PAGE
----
Sunset at Treñas Boulevard: A romance with the majestic Iloilo River
It was 4 o’ clock in the afternoon when I met my co-workers at the Diversion Road end of the Treñas Boulevard. At a distance I could see students and even lovers chatting or just simply enjoying the view of the river. One of my co-workers is wearing a loose shirt and jogging pants, while the other is on his nursing uniform. “What now?” I asked. We sat at the cement blockers and chatted while waiting for the sun to set.
It was fun watching the place slowly being flocked by joggers, sight-seeing and dating couples, or some tambays. The place is teeming with excitement and fun; a far cry from what the river was a few years back. Now the river is gearing for its come back. Ilonggos once again rediscovered how beautiful the Iloilo River is, and how truly blessed the city is for having it.
Aside from the clean river, it was relaxing to look at the mangroves growing at the side of the river or to feel the cool breeze of the wind sweeping the area. No one could have thought such urban living could once again commune with nature. Bored with the chatting, but excited with the photo shoot I’ll do, I encouraged my friends to walk and do some sight-seeing. I have to admit since the Treñas Boulevard was opened years ago, this was my first time to visit the place in an afternoon.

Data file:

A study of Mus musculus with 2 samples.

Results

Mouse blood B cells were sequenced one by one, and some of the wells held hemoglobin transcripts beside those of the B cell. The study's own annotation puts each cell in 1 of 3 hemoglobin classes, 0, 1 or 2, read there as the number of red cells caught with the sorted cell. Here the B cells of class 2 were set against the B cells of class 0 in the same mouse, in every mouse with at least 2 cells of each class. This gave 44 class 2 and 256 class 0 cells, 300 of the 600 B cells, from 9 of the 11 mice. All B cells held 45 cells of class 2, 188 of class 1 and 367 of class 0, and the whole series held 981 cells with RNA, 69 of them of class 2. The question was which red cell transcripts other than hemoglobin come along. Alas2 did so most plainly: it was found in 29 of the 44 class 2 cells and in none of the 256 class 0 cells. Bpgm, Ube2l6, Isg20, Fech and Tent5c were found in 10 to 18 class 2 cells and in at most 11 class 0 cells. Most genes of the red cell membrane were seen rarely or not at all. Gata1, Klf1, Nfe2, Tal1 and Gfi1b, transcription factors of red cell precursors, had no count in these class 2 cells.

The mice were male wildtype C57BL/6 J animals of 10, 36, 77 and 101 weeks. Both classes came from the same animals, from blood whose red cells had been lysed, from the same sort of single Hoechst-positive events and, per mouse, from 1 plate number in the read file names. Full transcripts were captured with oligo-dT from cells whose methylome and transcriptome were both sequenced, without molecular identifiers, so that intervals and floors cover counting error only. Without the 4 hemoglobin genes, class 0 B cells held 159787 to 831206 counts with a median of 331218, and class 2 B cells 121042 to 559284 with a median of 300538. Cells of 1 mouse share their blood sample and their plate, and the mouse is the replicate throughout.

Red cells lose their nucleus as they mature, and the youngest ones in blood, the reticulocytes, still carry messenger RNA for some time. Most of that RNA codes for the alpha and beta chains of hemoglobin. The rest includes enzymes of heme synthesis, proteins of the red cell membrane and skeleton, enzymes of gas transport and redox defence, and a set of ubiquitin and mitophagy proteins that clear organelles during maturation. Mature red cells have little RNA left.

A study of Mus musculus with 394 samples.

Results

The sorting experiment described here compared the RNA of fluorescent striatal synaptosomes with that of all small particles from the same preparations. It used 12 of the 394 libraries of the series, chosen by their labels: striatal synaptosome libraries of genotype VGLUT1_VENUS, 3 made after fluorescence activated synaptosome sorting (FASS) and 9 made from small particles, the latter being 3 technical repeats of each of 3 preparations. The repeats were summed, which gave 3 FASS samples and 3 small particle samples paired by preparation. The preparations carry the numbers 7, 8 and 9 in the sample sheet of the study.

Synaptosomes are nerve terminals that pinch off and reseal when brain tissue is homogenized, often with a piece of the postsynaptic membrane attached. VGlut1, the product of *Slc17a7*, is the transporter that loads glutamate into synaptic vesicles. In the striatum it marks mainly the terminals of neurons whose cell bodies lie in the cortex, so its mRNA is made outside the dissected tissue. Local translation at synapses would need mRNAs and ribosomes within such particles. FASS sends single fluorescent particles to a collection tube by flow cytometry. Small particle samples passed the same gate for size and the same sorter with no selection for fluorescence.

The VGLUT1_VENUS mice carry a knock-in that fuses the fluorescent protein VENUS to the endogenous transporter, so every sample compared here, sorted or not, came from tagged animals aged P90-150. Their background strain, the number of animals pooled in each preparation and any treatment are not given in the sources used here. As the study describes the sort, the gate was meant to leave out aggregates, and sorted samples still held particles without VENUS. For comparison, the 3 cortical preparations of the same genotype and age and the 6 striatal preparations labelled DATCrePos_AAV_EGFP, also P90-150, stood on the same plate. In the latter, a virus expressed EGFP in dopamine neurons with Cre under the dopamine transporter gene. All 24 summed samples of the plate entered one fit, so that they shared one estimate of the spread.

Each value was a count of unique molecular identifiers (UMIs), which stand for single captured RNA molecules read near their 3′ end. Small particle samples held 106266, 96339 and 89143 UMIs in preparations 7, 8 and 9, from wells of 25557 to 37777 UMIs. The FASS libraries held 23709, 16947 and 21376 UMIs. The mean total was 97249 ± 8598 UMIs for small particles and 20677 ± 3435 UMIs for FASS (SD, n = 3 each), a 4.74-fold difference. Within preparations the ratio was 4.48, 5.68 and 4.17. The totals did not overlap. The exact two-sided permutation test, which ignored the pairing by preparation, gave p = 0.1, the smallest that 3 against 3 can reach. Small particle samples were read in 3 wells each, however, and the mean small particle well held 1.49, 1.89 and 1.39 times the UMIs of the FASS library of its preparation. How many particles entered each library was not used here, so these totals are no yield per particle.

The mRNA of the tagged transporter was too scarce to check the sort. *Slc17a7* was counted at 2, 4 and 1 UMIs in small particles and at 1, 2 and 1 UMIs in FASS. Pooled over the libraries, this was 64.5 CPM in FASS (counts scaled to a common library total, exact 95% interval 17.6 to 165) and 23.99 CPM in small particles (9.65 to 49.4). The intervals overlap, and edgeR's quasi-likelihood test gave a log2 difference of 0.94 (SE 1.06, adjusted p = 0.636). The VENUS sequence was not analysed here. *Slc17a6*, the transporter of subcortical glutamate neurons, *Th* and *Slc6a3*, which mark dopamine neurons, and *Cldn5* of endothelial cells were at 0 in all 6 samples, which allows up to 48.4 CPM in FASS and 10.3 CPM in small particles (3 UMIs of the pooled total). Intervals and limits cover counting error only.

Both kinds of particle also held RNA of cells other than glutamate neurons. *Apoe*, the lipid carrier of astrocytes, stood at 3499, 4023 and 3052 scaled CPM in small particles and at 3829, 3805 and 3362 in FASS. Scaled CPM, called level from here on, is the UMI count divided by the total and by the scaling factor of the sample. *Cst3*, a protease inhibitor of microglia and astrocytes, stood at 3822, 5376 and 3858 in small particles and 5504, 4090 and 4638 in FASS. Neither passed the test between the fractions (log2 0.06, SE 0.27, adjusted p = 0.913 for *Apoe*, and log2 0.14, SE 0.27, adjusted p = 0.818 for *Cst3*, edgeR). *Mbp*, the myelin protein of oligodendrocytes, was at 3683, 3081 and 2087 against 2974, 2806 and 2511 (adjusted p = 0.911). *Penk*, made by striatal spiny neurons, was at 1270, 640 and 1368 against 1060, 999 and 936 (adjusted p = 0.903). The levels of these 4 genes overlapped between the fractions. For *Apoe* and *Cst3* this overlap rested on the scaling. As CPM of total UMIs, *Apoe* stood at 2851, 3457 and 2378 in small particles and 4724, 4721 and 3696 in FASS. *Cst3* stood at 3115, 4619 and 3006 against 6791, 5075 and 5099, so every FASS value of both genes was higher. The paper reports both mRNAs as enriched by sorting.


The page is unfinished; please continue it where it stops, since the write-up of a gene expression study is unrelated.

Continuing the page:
Today, the city government is now preparing to implement its Iloilo River Esplanade Project. A development seen to make the boardwalk area a prime tourist destination of the city. The beautification of the Treñas Boulevard from Molo to Diversion Road and from Jalandoni to Gaisano La Paz, will be based on the design of re-known Filipino Architect Paulo Alcazaren. Architect Alcazaren is one of the developers of Singapore Quay, now one of the island-nation’s tourist spots.
Truly for Iloilo to be called the Venice of the Philippines, Iloilo River must be full of life. Shops, restaurants, and other establishments must flourish at the side of the river; people must also be able to traverse the river with classic boats, ala-gondola style. I would even suggest that the city government use the river as a super highway, with ferry stations lining the area to also ease the congestion at the main arteries of roads parallel to the river.
When we reached Carpenter Bridge at the end of the boulevard, the sun is about to kiss the horizon. I fell in love with the bright red-orange glow of the sun as it paints the entire scene into a mesmerizing moment. It may not have the same drama at Manila Bay sunset, but the sunset at Iloilo River invokes a special emotion for me. A feeling of pride, familiarity with this moment, but something I would never get tired of at looking. Maybe because it’s beautiful, but more so because this is how the sun sets at the city I call home.